Packing your own lunch means saving money, eating healthy, and even losing weight. Try these delicious recipes!
When you’re away from home and you forgot to bring along the brown bag, it’s all too easy to turn to fast food or, yikes, a vending machine for your high noon repast. Yet, committing to making your own lunches is important in winning the battle of the bulge.
A recent study found that women who ate lunch out at least once a week lost an average of five pounds less over the course of a year than those who purchased their midday meals less frequently. Restaurant meals often deliver fewer nutrients per calorie than homemade ones, which could hinder your slim-down efforts.
What is your best defence against poor lunch choices during the hectic work week? Putting aside an hour on a lazy Sunday afternoon to whip up big-batch meals that make eating healthy at lunch as simple as divvying up portions into takeaway containers before bolting out the door in the morning. Also, think of all the money you’ll save!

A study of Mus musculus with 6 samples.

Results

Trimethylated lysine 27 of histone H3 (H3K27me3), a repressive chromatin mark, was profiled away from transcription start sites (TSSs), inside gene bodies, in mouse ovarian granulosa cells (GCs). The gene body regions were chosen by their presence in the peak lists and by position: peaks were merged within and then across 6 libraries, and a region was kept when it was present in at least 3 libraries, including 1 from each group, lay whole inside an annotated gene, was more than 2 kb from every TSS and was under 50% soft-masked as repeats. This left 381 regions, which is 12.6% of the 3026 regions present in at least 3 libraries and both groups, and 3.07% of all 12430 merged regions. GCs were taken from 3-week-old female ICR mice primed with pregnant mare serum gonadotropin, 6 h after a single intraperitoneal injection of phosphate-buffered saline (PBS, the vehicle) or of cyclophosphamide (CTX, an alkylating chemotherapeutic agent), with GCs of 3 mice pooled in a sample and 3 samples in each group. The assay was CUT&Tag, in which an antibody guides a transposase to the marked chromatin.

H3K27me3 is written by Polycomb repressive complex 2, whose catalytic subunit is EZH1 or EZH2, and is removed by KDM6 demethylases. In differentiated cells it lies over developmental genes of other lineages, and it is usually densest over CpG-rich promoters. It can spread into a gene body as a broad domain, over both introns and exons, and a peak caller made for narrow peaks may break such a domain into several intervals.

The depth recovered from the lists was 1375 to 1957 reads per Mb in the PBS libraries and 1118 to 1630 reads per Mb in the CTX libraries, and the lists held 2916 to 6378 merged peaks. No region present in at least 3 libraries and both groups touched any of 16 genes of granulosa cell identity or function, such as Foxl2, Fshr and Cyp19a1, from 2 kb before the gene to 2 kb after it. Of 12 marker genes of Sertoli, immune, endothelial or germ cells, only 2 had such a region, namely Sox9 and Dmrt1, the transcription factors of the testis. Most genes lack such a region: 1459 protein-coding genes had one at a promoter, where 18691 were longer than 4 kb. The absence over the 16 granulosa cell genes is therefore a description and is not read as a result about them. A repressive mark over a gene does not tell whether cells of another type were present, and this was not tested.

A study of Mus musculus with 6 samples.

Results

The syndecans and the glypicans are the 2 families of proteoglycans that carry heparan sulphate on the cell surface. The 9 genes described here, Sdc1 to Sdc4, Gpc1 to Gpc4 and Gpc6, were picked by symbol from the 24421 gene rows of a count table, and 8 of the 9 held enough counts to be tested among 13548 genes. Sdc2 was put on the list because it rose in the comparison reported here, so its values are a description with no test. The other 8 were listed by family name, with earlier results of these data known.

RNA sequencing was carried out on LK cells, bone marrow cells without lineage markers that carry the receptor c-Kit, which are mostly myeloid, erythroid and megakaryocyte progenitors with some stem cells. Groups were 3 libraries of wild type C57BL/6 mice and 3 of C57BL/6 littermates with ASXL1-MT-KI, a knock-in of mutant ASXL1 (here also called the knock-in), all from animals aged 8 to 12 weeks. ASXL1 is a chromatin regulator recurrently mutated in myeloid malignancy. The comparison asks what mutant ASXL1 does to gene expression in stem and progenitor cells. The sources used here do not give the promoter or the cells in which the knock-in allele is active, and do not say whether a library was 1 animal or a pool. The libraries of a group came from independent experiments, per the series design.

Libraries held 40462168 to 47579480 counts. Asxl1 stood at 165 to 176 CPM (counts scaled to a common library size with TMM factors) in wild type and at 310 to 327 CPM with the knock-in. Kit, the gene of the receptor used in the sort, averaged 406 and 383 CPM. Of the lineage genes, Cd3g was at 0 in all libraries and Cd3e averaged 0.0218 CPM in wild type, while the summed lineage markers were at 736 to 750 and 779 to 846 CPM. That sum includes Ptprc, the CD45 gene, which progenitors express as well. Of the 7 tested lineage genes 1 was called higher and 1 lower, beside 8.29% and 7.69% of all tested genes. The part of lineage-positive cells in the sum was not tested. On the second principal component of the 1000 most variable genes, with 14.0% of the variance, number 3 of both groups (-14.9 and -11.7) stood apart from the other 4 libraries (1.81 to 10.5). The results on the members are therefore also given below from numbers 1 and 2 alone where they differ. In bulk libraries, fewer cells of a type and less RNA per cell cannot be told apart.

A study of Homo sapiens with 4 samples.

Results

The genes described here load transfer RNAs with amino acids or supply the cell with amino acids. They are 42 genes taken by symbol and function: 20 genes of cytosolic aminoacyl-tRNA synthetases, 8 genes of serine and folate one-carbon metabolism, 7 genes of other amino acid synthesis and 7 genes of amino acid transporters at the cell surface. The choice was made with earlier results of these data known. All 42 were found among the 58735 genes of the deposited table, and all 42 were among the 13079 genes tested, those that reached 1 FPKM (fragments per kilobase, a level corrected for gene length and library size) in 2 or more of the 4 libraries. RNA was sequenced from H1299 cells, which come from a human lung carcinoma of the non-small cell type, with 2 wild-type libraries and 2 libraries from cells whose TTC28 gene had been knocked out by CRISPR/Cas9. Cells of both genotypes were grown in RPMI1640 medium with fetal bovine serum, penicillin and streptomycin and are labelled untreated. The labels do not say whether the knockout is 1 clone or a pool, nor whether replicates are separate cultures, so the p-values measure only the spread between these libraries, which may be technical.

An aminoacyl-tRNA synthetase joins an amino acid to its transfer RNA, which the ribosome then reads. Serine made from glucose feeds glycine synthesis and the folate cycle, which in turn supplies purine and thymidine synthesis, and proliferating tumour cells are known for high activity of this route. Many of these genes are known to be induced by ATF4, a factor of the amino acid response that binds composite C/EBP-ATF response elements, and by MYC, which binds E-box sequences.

And what better place to start than with these nutrient-dense recipes that you’ll be looking forward to all morning long (no hard feelings, snooze-worthy turkey sandwich). Prepare just one of the following make-ahead recipes each week and you’ll be set for more than a month’s worth of body-friendly lunches. And if you need to eat lunch al desko, the beauty of these fresh-tasting recipes is that they don’t require reheating, making them the best thing to happen to desk jockeys since the sticky note.
- Mediterranean Chickpeas with Smoky Tahini Dressing
- Soba Noodles with Chicken and Curry Cashew Sauce
- Caprese Spelt Salad
- Wild Rice Lentil Salmon Pilaf
- Tex-Mex Quinoa Salad Jars
The right snack can help bridge the hunger gap between breakfast and lunch. Here’s how to choose wisely.
The whole shebang
Snacks made up of whole foods such as fruits, vegetables, whole grains, and nuts make it much easier to nail your daily quota for vitamins and minerals. Plus, they’ll do a better job at keeping your energy levels up than heavily processed snack foods.
To keep your calorie intake in check, a mid-morning nosh should not hover much over 200 calories. For example, an ounce of almonds (about 23 nuts) delivers 161 calories.
Studies show that protein is a great way to quell hunger pangs. Snacking on Greek yogurt, nuts, hummus, or even a hard-boiled egg can give you a protein boost.
In with the new
As with your lunches, try to breathe new life into your snacks by embracing new foods or being creative with ingredient combinations. For example, try sprinkling hemp hearts onto some plain yogurt. Or stuff some ricotta cheese into low-calorie spicy-sweet peppadew peppers.